Today’s guest writer is Christopher Garvie, known to readers of this column as C. When we were invited to Innis & Gunn to the launch of their latest beer, C. kindly came with me. Since he’s a long-time fan of the company, I asked him to write up the experience.
The launch was at Innis & Gunn’s new space on Randolph Crescent. The relaxed space mixes the traditional and the new. The presentation space reflects the difference between Innis & Gunn (I&G) and the other new faces in the Scottish brewing scene. It is a confident space, for a brewer who has hits its stride and is able to open up to new flavours, build on the original and willing to fail. (I must confess that I have not been a fan of all of their limited editions, but they have a winner this time!)
The high ceilings of the classic new town flat are complemented by a bar and minimalist furniture, to give a very relaxing space to enjoy Innis & Gunn’s new beer. The space feels like a private club or the Scotch Malt Whisky Society on Queen Street, and provides an excellent space for events. Relaxing there with a beer in hand, I decided to suggest their tasting nights for future boy’s night out.
Remembering My First Innis & Gunn
Thinking back to the SMWS on Queen Street, I relived the first time I had tasted the original I&G there in 2003, sitting with a couple of friends by the north facing window of the bar. As we caught up on the joys and pains of our week in preparation for a night on the town (we were much younger then), the barman suggested a new bottled beer they were trialling. It was from a local company, and he could recommend a good whisky to accompany it. The original I&G became an instant hit with our little group. (When we could find it. Those were different days and it is testament to I&G’s success that it is possible to get a bottle in most bars, rescuing many a dull beer selection.)
In 2003, the Scottish/British beer market was yet to enjoy the explosion of new and exciting entrepreneurs we have seen recently. The vast majority of new beers and lagers came from abroad and Scottish beer innovation was limited to a few small breweries (cap lifted to the memory of the old Caledonian brewery). I only recently discovered the I&G lager and have become a big fan. My enjoyment of that is for another time, so let’s just say it is a smooth and tasty beverage and worth a try.
In the family of new Scottish breweries, I&G is definitely the cool older brother. I&G is successful, lives in the big city, enjoys a cosmopolitan life in nice bars and restaurants and is getting used to the occasional trip to Canada and Scandinavia. While his younger brother is still enjoying the student underground clubs of the Cowgate.
The new Smokin’ Gunn is a genuinely different beer and will find fans with those inclined towards beers, but I also think it will win over many a non-beer drinker. The new beer is the result of Innis & Gunn’s Bartender’s choice programme, a competition of over 300 bartenders from the UK, Sweden and Canada. Smokin’ Gunn was proposed by David Ashton-Hyde, the head bartender at the Hind’s Head in Bray, as a “Sour mash beer with northern brewer hops, rauch smoked malt & maple syrup aged in Jack Daniels whisky casks – a rich beer with a strong fragrant hop, smoky & minty with a Jack Daniels finish”. David is clearly a man of good taste, not surprising considering the owner of the Hind’s Head, and they should feel proud of his tastebuds. (Rauch is a type of malt)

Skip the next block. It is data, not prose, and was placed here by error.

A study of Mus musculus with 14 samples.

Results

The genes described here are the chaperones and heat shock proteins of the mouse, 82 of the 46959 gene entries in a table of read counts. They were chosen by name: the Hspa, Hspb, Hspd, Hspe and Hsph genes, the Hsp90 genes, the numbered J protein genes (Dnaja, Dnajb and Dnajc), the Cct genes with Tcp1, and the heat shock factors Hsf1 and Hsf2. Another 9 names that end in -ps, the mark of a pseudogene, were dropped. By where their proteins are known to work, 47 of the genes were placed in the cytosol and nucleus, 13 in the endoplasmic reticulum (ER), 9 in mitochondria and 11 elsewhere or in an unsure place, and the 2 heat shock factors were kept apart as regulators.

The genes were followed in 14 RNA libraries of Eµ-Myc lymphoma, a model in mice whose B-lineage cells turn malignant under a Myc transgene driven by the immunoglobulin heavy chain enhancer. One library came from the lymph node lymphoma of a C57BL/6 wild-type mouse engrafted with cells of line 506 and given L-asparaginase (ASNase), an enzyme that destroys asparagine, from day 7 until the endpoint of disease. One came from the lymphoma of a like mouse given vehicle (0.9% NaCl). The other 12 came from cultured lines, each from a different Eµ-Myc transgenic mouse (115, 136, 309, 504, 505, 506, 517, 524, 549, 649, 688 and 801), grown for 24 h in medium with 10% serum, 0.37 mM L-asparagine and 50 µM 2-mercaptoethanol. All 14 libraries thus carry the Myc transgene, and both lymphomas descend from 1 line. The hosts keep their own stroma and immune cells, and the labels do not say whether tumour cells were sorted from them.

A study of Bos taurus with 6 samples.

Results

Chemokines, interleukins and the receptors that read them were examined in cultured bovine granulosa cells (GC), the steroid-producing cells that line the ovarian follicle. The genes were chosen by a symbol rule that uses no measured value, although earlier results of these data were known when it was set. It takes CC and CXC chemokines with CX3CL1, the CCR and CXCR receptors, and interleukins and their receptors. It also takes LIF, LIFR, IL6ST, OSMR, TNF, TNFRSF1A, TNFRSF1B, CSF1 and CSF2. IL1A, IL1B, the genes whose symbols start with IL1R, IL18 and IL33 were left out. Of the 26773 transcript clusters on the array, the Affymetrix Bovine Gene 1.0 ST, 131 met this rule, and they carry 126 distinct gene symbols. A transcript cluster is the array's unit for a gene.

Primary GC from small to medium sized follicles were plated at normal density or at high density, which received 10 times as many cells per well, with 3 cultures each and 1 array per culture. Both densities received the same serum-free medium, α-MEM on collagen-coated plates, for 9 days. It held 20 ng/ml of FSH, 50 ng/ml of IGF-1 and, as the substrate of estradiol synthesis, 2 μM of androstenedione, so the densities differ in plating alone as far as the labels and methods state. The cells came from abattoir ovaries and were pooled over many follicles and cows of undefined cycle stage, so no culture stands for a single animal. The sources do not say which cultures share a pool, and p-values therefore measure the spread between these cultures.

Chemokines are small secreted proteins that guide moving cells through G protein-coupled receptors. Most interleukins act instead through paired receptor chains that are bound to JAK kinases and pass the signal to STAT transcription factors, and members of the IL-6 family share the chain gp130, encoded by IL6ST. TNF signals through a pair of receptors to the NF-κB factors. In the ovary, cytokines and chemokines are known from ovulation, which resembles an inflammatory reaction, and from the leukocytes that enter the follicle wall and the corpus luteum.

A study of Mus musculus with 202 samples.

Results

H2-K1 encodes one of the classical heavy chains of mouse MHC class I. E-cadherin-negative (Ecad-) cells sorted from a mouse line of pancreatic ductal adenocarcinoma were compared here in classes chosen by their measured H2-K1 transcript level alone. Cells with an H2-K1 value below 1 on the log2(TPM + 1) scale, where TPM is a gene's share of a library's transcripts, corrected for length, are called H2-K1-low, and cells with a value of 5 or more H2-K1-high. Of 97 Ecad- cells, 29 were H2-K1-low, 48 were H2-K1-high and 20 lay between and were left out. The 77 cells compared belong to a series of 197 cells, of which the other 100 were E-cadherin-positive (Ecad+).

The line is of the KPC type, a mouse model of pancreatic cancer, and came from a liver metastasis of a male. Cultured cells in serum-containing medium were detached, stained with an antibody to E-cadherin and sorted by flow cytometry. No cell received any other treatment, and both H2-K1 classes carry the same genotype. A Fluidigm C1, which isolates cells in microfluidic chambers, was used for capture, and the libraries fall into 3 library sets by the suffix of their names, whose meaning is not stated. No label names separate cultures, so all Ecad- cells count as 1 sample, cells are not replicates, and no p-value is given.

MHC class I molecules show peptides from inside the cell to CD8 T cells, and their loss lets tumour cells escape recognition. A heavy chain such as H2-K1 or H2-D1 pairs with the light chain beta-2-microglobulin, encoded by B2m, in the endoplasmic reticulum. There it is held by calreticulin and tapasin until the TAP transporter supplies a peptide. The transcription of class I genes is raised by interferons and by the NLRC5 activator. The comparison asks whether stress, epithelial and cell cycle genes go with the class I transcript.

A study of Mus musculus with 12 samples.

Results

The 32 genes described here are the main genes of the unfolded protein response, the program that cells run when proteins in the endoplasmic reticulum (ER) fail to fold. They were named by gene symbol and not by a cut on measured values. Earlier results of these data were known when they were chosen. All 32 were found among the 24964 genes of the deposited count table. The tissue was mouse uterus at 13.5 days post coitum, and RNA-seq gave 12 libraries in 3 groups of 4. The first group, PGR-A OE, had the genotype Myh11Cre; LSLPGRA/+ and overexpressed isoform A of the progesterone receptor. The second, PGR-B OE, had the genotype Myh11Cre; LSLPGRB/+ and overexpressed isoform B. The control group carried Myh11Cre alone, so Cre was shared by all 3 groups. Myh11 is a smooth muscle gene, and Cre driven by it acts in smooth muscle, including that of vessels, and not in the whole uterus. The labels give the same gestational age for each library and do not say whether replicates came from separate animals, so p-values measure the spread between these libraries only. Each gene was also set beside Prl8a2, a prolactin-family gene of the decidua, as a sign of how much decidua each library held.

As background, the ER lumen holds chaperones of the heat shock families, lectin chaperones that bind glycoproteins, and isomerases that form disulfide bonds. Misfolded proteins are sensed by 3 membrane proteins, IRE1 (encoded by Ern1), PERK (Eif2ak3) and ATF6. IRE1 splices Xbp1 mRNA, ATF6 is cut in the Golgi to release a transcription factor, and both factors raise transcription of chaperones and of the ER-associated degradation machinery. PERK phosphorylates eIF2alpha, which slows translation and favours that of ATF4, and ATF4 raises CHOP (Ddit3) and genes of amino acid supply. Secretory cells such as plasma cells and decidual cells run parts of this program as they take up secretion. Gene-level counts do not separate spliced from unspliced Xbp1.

I was only a plus one at the event, Caroline was invited but admits to not being the biggest beer fan. It was hard to tell after she got a taste of Smokin’ Gunn: she liked it very much indeed. Smokin’ Gunn is dark amber, with a subtle aroma of bourbon. The initial taste is a little bitter, but quickly fades to smokey, malty, slightly sweet with a hint of maple syrup and a lovely long taste. Very moreish. This is a beer which quickly becomes a friend and good company for an evening. Caroline found it the first beer she actually enjoyed drinking (a significant step!).
Russell Up provided a range of delicious snacks on the evening. Caroline said that the beef cheek Smokin’ Gunn rarebit was great, but clearly also enjoyed the pulled pork doughnut, the Scotch quail egg, the scampi and the pork scratchings with pancetta and Applewood smoked cheese. The Indian flatbread with beetroot – the vegetarian option – was tasty too.
This truly excellent beer deserves to be marketed as one of the Innis & Gunn core range. It is only available through their online shop, but I hope they are generous and reconsider – if only to support C’s new interest in beer!
Innis & Gunn’s Smokin Gunn has 7.4% ABV. They sell 12 bottles for £35 (not including delivery).
Innis & Gunn
6 Randolph Crescent, Edinburgh
Tel: 0131 220 2382
Bitter, smokey and malty, with hints of bourbon and maple syrup certainly sounds like a winning flavour combination in my book – most definitely a beer I shall be trying. Thanks to your smashing review for alerting me to it.
I hope you enjoy it! It’s really, really tasty, and not too bitter. It’s one to linger over.